A lonely death

Bryce Eishold

No next-of-kin, no emergency contact details, no family or friends.

That’s all we know about the 55-year-old man who died alone inside his Traralgon home.

His body was located by police in the bedroom of his Hyde Park Road residence on July 4.

It’s believed he perished up to 15 months earlier.

His utilities were still connected – in credit, in fact – and he had had no contact with police prior to his death.

Milk in the man’s fridge dated back to April 2018, leading police to believe he may have died as early as late February that year.

However, The Express understands the man, whose name has been withheld, had been in contact with management of the residential complex as late as June 2018.

The discovery of his body was only made because his unit was due for an annual inspection, and the manager of the complex, Eastcoast Housing, had been unable to contact the man for three months, police said.

It has prompted police to urge the community to check on their neighbours and loved ones.

Barrier Breakers director Derek Amos, whose organisation secured funding for the low-income accommodation units in 2014, described the death as “terribly sad”.

“I think it’s just a tragedy. It should not have happened,” Mr Amos said on Wednesday.

The man, whose death will be investigated by the Victorian Coroner, relocated to the Latrobe Valley from Melbourne and moved into the unit weeks before the estimated time of his death.

The Express also understands the man was not a patient in the Victorian public mental health system at the time, however, police said he had been living with a mental illness in the lead-up to his death.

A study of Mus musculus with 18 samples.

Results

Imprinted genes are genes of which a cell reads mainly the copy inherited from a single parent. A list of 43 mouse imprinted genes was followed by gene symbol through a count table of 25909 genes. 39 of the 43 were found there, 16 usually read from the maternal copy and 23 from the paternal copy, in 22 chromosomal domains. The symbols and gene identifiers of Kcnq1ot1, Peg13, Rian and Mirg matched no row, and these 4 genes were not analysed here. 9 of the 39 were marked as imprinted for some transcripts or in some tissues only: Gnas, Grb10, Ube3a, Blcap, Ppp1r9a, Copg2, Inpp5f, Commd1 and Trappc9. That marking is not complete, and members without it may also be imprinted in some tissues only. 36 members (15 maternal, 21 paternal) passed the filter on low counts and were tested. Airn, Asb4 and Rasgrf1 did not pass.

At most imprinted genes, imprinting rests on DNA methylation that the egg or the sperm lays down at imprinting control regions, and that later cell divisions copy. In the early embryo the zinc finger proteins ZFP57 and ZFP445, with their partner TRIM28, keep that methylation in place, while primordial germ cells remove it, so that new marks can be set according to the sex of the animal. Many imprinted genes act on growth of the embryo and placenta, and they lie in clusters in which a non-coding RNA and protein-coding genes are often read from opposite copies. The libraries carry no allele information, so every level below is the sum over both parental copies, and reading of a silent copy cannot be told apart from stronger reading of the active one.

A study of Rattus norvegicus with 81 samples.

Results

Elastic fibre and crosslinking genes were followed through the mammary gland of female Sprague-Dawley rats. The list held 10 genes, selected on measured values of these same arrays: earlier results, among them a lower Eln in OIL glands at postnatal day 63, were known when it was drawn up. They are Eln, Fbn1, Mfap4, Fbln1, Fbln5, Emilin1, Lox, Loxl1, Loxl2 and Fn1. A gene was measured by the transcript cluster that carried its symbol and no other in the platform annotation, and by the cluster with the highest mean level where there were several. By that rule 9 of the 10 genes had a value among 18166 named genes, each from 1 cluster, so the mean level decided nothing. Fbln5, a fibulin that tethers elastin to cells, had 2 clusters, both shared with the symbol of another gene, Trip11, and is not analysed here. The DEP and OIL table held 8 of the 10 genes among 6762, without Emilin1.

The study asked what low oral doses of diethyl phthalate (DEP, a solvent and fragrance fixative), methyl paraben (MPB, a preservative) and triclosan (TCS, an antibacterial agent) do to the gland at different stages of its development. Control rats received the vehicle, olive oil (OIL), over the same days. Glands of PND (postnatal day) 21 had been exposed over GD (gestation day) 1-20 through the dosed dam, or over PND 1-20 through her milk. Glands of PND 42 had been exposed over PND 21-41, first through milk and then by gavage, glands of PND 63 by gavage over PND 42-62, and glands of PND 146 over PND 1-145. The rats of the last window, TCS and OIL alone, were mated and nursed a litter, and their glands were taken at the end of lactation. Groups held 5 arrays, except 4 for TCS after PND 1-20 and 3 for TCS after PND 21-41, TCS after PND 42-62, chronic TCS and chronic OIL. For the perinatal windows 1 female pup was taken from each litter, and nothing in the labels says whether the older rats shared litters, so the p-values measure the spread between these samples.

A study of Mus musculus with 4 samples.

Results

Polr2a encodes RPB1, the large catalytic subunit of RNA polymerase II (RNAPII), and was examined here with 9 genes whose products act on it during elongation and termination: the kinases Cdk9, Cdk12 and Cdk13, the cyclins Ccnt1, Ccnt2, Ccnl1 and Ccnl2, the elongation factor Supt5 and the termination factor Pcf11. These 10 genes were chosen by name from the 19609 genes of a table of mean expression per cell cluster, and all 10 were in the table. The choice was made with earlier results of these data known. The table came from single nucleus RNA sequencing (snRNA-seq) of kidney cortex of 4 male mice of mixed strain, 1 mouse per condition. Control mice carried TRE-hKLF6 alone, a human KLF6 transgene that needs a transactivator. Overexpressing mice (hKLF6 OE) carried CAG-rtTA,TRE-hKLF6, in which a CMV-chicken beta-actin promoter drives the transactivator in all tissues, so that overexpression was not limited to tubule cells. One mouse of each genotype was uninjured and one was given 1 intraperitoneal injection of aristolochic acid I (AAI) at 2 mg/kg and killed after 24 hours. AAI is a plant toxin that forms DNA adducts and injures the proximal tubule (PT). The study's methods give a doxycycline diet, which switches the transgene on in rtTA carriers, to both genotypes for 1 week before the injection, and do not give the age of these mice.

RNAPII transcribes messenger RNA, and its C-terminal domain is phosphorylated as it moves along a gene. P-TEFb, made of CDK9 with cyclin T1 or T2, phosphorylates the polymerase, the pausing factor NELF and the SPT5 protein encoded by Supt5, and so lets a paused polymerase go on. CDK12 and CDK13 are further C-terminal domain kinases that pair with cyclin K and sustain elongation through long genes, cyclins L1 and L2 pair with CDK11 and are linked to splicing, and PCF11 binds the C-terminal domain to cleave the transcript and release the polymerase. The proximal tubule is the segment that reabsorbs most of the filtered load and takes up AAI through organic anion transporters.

“He had no next of kin, no emergency details, no family or friends,” Traralgon Senior Constable Leigh Christensen said.

“People who had spoken to us about him described him as a loner. We know little about this person.”

The complex of 10 units is managed by Eastcoast Housing while the land is leased from the state government.

In 2014, a memorandum of understanding between Eastcoast Housing, Barrier Breakers, MIND Australia and Latrobe Regional Hospital’s Community Mental Health Service was signed to provide support to mental health residents at the complex.

However, it’s understood the man was on a private lease agreement separate to the supported mental health accommodation arrangements.

Mr Amos said he had visited the Hyde Park Road complex in recent months and questioned the state of some of the units during a discussion with Eastcoast Housing.

“I looked at some [units] that appeared to be vacant for sometime,” Mr Amos said.

“There was newspapers and other debris, like leaves, piled against the doorway. A tenant would normally pick that stuff up and not leave it like it was.

“I queried the ones that appeared to be unoccupied and I was told that the tenants were either in hospital or away somewhere.”

A spokeswoman for Eastcoast Housing said the organisation, which manages 159 low-income accommodation facilities between Aspendale and Orbost, was unable to comment until the coroner had finished their investigation.

Meanwhile, a spokesman for the state government described the death as a “tragic and concerning case” but said the government had no direct involvement with the management of the facility.